Alan Biggs: Sheffield United pair Wilder and Knill and the rewards of battling from the bottom

Chris Wilder and Alan Knill have shown the benefits of working from the bottom
Chris Wilder and Alan Knill have shown the benefits of working from the bottom

The significance of managers facing their former clubs is vastly overplayed.

So the fact that Chris Wilder and his Sheffield United sidekick Alan Knill come up against Northampton and Bury in the holiday programme is largely incidental.

by Pete McKee

by Pete McKee

Except for one thing. In both cases it shows the value of that somewhat out-dated concept, the managerial apprenticeship. Out-dated for three reasons:

* Clubs make random appointments, often without proper professional advice, and the increasing number of foreign owners has added to the unpredictability.

* “Name” players have an advantage – but how many are prepared to start at the bottom? Steven Gerrard was happy to be linked with MK Dons, a very big club of the lower levels, but that’s as far as he’d risk it.

* Managers of smaller clubs in the bottom two divisions have next to no chance of staying in position long enough to succeed.

So ... for Wilder and Knill to have come through all of that, to have tiptoed across the minefield to a club the size of the Blades, speaks volumes for their dedication and professionalism.

They’ve shown it is possible to survive. Just.

More importantly, I should think they are better at their job for it. Both are managers in their own right (Knill was number one when Wilder briefly joined him at Bury and the roles are now reversed).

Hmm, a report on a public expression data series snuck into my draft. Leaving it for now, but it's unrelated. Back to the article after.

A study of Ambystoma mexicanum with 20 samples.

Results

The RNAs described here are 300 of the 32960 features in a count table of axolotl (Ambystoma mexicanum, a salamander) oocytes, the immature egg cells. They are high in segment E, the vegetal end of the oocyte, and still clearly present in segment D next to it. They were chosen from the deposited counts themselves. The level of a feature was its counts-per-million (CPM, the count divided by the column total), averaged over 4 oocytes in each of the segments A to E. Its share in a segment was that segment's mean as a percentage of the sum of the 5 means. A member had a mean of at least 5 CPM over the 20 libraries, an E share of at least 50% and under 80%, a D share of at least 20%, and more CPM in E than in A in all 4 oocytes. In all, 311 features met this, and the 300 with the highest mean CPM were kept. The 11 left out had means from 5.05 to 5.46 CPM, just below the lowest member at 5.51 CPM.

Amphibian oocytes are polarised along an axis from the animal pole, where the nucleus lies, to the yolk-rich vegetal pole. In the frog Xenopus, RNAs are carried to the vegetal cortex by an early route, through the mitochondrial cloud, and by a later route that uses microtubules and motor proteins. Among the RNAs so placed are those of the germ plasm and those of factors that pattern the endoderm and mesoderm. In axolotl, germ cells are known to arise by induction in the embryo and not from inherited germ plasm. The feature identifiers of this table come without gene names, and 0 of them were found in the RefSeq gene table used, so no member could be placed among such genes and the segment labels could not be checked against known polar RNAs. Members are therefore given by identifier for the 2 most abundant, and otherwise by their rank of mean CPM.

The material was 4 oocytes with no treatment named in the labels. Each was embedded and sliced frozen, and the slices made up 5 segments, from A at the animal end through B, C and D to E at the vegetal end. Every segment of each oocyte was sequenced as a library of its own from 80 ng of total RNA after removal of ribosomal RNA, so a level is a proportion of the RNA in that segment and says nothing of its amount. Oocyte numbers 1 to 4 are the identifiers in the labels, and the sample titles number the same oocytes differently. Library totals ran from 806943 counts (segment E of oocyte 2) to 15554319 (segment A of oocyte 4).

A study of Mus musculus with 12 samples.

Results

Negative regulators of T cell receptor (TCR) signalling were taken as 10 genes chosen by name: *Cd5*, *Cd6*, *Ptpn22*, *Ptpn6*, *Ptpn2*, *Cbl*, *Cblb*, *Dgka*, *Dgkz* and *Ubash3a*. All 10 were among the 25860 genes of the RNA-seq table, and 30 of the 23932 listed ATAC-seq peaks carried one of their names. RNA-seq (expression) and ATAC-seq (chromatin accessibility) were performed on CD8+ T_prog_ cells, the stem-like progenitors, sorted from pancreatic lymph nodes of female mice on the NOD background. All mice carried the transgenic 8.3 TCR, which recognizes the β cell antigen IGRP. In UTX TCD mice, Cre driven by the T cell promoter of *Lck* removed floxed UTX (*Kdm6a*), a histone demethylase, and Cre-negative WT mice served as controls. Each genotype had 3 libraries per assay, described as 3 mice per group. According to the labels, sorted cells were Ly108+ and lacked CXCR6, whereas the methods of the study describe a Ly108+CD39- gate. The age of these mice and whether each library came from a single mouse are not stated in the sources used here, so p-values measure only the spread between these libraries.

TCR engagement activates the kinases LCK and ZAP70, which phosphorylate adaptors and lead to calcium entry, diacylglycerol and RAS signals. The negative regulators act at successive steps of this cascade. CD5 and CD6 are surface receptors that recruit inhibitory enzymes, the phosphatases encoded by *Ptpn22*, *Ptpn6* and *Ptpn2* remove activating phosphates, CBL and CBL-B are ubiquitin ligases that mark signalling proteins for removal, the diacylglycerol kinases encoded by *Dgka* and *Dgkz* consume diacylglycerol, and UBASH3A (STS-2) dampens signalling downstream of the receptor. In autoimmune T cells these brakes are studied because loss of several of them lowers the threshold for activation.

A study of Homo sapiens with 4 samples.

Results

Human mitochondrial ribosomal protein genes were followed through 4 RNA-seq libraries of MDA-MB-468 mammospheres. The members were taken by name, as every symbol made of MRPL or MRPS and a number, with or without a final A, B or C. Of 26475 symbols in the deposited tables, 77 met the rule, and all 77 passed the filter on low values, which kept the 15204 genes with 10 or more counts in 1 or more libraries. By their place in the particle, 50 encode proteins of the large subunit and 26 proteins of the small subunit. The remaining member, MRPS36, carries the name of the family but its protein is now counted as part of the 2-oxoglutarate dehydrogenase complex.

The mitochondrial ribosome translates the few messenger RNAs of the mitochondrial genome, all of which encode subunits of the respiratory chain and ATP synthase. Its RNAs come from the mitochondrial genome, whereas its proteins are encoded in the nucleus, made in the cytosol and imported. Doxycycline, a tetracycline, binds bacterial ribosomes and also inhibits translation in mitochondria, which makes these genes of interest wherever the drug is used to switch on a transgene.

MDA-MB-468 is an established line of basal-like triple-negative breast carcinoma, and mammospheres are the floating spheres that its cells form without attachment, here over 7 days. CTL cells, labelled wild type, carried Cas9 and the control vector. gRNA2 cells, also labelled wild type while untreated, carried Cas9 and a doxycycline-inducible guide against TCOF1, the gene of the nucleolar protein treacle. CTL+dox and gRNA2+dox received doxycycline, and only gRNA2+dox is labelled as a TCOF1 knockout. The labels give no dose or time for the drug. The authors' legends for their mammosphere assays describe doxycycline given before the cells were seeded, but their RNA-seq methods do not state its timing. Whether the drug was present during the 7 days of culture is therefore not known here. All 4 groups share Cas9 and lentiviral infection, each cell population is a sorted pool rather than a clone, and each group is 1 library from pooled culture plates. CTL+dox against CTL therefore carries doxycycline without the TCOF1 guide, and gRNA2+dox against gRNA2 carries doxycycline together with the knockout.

United are nicely placed to benefit from this accumulation of knowledge as the pair set about using the potential of the place as a vehicle for advancing their own careers to the highest possible level.

Knill took Bury to the play-offs and then passed up a further shot at promotion to join Scunthorpe (hanging over the precipice in the Championship) the following year. I called it as a mistake at the time and history has borne that out, but we all live and learn.

Wilder’s gamble in forsaking a promotion attempt at Oxford for a battle to keep Northampton in the league looked riskier but was far more understandable, in my opinion. Maintaining the Cobblers’ status and later winning the League Two title were spectacular paybacks for a bloke backing himself to do it the hard way. Without that, he probably wouldn’t be in his dream job now.

None of this will have much of a bearing on what happens when Northampton visit the Lane on December 31st or when United go to Bury on January 2nd. Managers want to win every game and, besides, there’s no history or agenda.

But it is worthy of note for club chairmen on a wider basis to open their eyes to people who have been through the mill.